Thursday, September 12, 2013
R. J. Scott - The Heart of Texas
Angered by the requirement, Riley seeks a means of father's stipulation. Blackmailing Jack Campbell into marrying him "for love" suits Riley's purpose. There is no mention in his father's documents that the marriage had to be with a woman and Jack Campbell is the son of Riley Senior's arch rival. Win win.
Riley marries Jack and abruptly his entire world is turned inside out. Riley hadn't counted on the fact that Jack Campbell, quiet and unassuming rancher, is a force of nature in his own right.
This is a story of murder, deceit, the struggle for power, lust and love, the sprawling life of a rancher and the whirlwind existence of a playboy. But under and through it all, as Riley learns over the months, this is a tale about family and everything that that word means.
Comment: I've had this book to read for a long time, ever since I saw it had so many good opinions and a marriage of convenience in a contemporary. I was very curious to see how it all would play out.
This is the story of Riley Hayes, he is told by his father he only have any sort of control of the family company if he marries and has a more stable life. So Riley decides to go along with this and to ruin his father's plans of controlling him, he blackmails the son of one of his father's rivals to become his husband instead of finding a woman.
Jack accepts being blackmailed because it would mean a way to help his family. Pretending to be in love with Riley can seem stupid but he goes with it.
While the guys stumble through their new shared lives, things keep happening around them and there' even a mystery to solve.
This story was quite interesting to read. I haven't read anything by this author until this point but I liked how the story was done and structured. It shows how the author thought about what to insert and how to write things. I just thought some words were too repetitive, like husband. When the guys finally gave in to their attraction and admitted they had feelings for each other it was like the word husband suddenly wasn't enough. Every time one of them mentioned the other or was thinking about him, there the words "my husband" this and "my husband" that. It wasn't that special but after a while it was to evident to just ignore.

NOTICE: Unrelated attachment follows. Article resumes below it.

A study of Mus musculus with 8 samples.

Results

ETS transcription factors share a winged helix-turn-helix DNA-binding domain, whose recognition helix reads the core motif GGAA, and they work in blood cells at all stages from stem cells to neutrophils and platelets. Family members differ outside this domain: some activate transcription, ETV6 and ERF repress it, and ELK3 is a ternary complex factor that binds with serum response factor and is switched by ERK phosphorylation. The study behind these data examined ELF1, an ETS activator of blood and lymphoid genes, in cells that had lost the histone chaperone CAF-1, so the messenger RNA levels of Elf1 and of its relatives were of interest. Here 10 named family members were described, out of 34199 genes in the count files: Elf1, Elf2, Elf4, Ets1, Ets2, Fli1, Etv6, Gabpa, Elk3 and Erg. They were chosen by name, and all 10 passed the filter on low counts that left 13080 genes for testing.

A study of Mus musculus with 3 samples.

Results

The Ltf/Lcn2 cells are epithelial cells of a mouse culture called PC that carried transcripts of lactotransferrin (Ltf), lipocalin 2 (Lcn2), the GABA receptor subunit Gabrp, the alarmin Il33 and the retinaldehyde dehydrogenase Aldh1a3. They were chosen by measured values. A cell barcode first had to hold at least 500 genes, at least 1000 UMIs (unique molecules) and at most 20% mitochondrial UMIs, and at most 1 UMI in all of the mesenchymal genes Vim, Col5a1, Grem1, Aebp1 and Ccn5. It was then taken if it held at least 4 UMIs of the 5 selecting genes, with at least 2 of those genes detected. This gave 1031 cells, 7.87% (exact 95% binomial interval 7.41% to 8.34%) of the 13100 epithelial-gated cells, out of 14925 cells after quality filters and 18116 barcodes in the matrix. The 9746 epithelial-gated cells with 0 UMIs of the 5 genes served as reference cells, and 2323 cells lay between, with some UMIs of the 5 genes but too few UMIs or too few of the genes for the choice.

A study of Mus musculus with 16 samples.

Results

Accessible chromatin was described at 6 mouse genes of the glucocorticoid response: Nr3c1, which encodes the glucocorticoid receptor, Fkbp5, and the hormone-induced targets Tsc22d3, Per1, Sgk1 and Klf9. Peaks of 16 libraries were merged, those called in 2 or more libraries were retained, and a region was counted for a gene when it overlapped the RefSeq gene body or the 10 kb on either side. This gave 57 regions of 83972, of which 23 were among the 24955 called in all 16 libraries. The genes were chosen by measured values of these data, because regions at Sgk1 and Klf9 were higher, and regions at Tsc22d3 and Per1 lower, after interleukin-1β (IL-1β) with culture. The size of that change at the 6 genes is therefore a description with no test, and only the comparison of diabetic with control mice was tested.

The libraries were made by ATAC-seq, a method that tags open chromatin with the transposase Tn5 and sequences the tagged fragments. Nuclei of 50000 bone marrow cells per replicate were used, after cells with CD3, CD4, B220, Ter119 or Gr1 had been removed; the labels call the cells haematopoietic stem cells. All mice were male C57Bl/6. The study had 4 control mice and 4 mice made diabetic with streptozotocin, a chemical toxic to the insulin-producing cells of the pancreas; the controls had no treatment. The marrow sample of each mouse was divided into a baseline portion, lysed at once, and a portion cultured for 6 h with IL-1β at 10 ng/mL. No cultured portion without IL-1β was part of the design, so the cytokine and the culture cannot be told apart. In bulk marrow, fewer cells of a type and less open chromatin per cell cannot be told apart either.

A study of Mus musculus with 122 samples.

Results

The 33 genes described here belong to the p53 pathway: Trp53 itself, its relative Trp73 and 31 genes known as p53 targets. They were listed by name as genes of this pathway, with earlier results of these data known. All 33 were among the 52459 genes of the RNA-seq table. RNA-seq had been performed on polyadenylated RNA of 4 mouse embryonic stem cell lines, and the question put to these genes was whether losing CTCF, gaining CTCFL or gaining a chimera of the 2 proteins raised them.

I had the impression the story was more seriously toned.That it would be more focused on the environment and the main characters, but there were lot of secondary ones and they all had a point of view scene here and there and would have an active part in the story. Usually I'm all for this, as I think it enriches a plot, but in this case there were too many secrets to bear in mind, so many "surprise!" moments and not always happy ones. At some point although the story was still interesting I couldn't help but think this was almost like a soap opera about all those Texan dynasties like we've seen on tv in the 80's.
There were mostly good things though. I liked the tension between the guys before they admitted they were in love and I liked how some family members were supportive after a while and there were many scenes engaging and I was eager to keep going. Overall, the feel of the story was a good one and I never stopped reading unless I had to. It's just that the good things, despite being more were not as memorable as the not so good things which remain more clear. But this isn't a bad book, it's just not exactly as I imagined.
Still, I plan to read the next one.
All in all, I liked the structure the story had. It gave it a sort of solid base to support the plot and the not so well done bits, and in general terms I enjoyed it quite much, in particular how Jake went after Riley after having decided he was his. It was a very good moment.
I'm curious to see what happens next and I hope it gets a more serious tone too, not that this was a comedy, it was far from it, but I hope it leaves the soap opera style.